Labour Party leader Jeremy Corbyn has been accused of blaming the recent terrorist attack in Manchester and attacks like it on the U.K.’s foreign policy. The Telegraph ran the headline ‘Jeremy Corbyn Suggests Britain’s Wars to Blame for Manchester Suicide Bombing’; the normally more sympathetic Independent went with ‘Jeremy Corbyn Blames Terrorist Attacks such as Manchester Bombing on UK Foreign Policy’. Less subtly, Prime Minister, and Conservative Party rival, Theresa May claimed that “Jeremy Corbyn has said that terror attacks in Britain are our own fault“.
To those who listened to or read Corbyn’s speech, these claims will have appeared at best uncharitable, at worst, dishonest. What exactly did Corbyn say on this topic? He said:
Many experts, including professionals in our intelligence and security services have pointed to the connections between wars our government has supported or fought in other countries, such as Libya, and terrorism here at home.
That assessment in no way reduces the guilt of those who attack our children. Those terrorists will forever be reviled and implacably held to account for their actions.
But an informed understanding of the causes of terrorism is an essential part of an effective response that will protect the security of our people, that fights rather than fuels terrorism.
Protecting this country requires us to be both strong against terrorism and strong against the causes of terrorism. The blame is with the terrorists, but if we are to protect our people we must be honest about what threatens our security.
Those causes certainly cannot be reduced to foreign policy decisions alone. Over the past fifteen years or so, a sub-culture of often suicidal violence has developed amongst a tiny minority of, mainly young, men, falsely drawing authority from Islamic beliefs and often nurtured in a prison system in urgent need of resources and reform. And no rationale based on the actions of any government can remotely excuse, or even adequately explain, outrages like this week’s massacre. But we must be brave enough to admit the war on terror is simply not working. We need a smarter way to reduce the threat from countries that nurture terrorists and generate terrorism.
Corbyn is quite clear: among the causes of terrorism is the U.K.’s foreign policy. However, he is equally eager to stress that this fact “in no way reduces the guilt” of the perpetrators of terrorism and that the “the blame is with the terrorists”, sentiments he repeated when pressed in a BBC interview after the speech (alternative link here).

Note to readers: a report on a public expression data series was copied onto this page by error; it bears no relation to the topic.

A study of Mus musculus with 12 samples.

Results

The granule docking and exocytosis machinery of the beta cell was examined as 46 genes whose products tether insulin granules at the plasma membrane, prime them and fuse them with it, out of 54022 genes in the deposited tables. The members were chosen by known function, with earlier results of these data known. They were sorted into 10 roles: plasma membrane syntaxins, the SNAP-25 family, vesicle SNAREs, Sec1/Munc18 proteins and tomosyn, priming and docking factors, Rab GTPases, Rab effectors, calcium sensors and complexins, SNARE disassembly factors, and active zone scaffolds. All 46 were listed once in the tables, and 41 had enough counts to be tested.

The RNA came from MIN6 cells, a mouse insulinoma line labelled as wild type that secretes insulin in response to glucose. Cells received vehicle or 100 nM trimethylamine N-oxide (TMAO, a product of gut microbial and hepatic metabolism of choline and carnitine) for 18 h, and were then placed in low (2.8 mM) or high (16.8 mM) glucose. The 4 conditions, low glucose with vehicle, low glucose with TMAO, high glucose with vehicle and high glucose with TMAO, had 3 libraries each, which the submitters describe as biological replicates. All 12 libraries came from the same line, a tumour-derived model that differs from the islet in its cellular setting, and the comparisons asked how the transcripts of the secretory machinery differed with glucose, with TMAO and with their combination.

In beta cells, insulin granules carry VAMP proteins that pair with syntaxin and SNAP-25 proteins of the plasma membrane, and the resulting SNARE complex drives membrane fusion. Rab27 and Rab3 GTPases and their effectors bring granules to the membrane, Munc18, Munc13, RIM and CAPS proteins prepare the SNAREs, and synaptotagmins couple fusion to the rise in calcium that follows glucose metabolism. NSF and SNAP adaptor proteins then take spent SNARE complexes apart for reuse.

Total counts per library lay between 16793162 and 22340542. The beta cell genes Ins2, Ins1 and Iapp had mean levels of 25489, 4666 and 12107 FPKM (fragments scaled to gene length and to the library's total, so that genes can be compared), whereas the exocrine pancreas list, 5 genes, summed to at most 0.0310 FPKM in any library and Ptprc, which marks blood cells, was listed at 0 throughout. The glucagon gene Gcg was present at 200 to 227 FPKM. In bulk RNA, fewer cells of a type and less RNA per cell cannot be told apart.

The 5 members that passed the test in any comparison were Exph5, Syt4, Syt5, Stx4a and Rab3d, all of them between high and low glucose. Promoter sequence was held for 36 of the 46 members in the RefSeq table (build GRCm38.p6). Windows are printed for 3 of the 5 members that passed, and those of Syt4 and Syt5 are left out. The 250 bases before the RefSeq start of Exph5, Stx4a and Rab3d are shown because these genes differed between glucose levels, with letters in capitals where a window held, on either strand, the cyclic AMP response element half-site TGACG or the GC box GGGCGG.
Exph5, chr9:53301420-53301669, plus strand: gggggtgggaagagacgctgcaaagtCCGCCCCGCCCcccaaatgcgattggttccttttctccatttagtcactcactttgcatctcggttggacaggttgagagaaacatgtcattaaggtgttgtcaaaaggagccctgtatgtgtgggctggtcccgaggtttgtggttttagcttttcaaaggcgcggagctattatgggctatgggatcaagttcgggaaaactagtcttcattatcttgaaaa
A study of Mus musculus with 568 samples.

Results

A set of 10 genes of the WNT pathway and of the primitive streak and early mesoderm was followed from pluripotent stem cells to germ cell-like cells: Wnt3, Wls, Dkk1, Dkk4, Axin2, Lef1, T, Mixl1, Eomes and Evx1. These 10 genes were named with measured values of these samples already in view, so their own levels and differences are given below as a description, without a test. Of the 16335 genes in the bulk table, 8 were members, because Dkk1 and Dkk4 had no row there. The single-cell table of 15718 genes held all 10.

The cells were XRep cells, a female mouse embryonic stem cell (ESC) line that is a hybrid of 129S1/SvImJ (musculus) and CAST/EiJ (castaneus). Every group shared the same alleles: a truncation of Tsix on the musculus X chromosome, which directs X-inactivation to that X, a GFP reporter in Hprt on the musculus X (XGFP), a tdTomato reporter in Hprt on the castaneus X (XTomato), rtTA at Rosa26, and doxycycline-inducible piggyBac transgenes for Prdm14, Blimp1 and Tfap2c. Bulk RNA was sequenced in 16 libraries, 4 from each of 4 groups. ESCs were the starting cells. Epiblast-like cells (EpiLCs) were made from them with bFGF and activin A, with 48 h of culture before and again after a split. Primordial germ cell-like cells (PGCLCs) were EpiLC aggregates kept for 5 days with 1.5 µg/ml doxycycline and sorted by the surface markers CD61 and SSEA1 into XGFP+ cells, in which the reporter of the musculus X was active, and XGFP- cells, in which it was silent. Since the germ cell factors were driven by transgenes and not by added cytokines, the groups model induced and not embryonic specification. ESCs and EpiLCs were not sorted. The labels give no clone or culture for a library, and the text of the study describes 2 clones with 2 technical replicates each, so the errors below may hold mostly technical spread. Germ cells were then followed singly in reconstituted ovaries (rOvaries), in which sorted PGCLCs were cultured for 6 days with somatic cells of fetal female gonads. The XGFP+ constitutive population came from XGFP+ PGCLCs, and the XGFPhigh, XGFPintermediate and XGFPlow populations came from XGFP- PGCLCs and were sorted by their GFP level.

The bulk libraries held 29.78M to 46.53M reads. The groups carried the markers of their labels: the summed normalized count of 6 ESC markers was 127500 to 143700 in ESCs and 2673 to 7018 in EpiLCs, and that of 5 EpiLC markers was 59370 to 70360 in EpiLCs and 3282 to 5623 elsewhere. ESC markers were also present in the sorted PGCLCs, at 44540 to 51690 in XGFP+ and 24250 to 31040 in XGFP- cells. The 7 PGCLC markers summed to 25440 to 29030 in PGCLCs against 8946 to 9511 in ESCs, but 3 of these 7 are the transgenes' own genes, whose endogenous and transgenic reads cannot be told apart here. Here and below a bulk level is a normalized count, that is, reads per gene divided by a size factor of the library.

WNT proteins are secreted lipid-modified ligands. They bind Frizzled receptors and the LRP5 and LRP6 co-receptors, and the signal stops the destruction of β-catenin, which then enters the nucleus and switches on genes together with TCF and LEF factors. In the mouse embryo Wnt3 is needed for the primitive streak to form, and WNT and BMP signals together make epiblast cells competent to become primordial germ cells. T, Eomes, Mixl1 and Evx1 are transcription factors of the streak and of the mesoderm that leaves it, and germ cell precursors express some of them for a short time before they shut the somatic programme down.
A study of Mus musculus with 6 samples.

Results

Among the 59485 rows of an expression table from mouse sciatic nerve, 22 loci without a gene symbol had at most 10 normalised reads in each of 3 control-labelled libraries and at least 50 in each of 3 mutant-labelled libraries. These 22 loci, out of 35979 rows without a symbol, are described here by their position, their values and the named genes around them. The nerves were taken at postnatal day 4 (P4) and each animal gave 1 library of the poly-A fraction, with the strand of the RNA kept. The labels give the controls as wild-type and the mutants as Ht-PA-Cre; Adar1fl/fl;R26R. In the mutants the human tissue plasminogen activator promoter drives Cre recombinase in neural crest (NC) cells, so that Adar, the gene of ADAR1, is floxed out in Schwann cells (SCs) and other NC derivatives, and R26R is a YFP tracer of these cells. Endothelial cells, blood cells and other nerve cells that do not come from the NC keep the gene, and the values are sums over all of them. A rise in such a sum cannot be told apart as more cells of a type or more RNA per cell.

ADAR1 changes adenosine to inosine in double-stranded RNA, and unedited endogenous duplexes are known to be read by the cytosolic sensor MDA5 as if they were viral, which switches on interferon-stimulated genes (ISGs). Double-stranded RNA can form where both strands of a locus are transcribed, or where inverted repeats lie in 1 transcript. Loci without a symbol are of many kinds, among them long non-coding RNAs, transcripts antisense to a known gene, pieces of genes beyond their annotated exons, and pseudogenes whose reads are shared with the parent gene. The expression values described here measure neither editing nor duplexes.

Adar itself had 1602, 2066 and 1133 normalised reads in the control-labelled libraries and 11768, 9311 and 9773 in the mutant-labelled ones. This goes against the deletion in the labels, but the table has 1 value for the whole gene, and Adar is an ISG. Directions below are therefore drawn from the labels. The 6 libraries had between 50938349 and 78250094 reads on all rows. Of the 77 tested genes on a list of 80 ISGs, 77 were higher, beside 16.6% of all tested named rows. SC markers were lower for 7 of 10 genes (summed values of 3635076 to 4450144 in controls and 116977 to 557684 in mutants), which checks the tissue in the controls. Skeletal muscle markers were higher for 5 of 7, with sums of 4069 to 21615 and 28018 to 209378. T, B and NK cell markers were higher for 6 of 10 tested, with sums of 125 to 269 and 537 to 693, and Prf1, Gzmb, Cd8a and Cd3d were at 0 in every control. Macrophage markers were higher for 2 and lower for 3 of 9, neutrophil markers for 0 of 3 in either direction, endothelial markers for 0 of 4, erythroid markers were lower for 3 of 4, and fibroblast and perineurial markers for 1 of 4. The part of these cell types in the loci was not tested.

But if foreign policy decisions cause terrorism, are they not to blame for terrorism? The question is a little tricky because being ‘to blame’ is ambiguous between a causal and a moral reading. Dissecting this ambiguity is the best way to understand Corbyn’s claim. Though he doesn’t put it this way, I think Corbyn’s claim is that U.K. foreign policy is (partly) causally but not morally responsible for an increased risk of terrorism in the U.K.
On the morning of the 19th September, 1985, a massive earthquake struck off the coast of Michoacán, Mexico, killing over 5,000 people in Mexico City. The earthquake was causally responsible for those deaths. But it was obviously not morally responsible for them—earthquakes aren’t capable of moral agency.
Consider another horrible case. Suppose we are having a water fight. Unbeknownst to you, I replace the water in your gun with lethal chemicals. You fire at a friend, killing her unwittingly. You are causally responsible for her death. But, to the extent that your firing the chemicals at her wasn’t the result of negligence, culpable ignorance, or malicious motives, you are clearly not morally responsible for her death.
In much the same way, if U.K foreign policy (relevant aspects of it, anyway) does on the whole raise the probability of terrorist attacks (a claim, incidentally, for which there is considerable evidence), then this fact alone does not mean that the U.K. is morally responsible for such an increased risk, even if it is (partly) causally responsible for it.
It’s worth noting in closing that just because someone’s actions are (partly) causally responsible for an awful outcome, this need not provide sufficient, or indeed any, grounds to refrain from those actions. Someone may be more likely to be mugged in virtue of leaving the house, for instance. We might even list leaving the house as among the mugging’s causes. But given that such a person should not have to alter this perfectly acceptable behaviour to avoid such an horrific outcome, we may deny that such a risk gives the person any reason to not leave the house, except perhaps a merely pragmatic one. Indeed, it may give her a reason to leave the house—as an act of defiance, say (those who have thought about victim blaming in other contexts will see connections here).
Similarly, that a foreign policy causes the harm of increased domestic terrorism may not by itself provide a compelling reason to conduct that foreign policy in a different way. If the foreign policy is just and the response it triggers wholly unreasonable, then the all-things-considered thing to do may, like the person leaving her house, be to continue in the same vein, especially if there are no equally just, risk-decreasing alternatives. So any demand that the U.K. change its foreign policy can’t merely hang on the increased risk of terrorism; it also needs to consider whether that policy is just, and the other kinds of outcomes it causes. Luckily for Corbyn, criticisms addressing these other considerations aren’t hard to come by.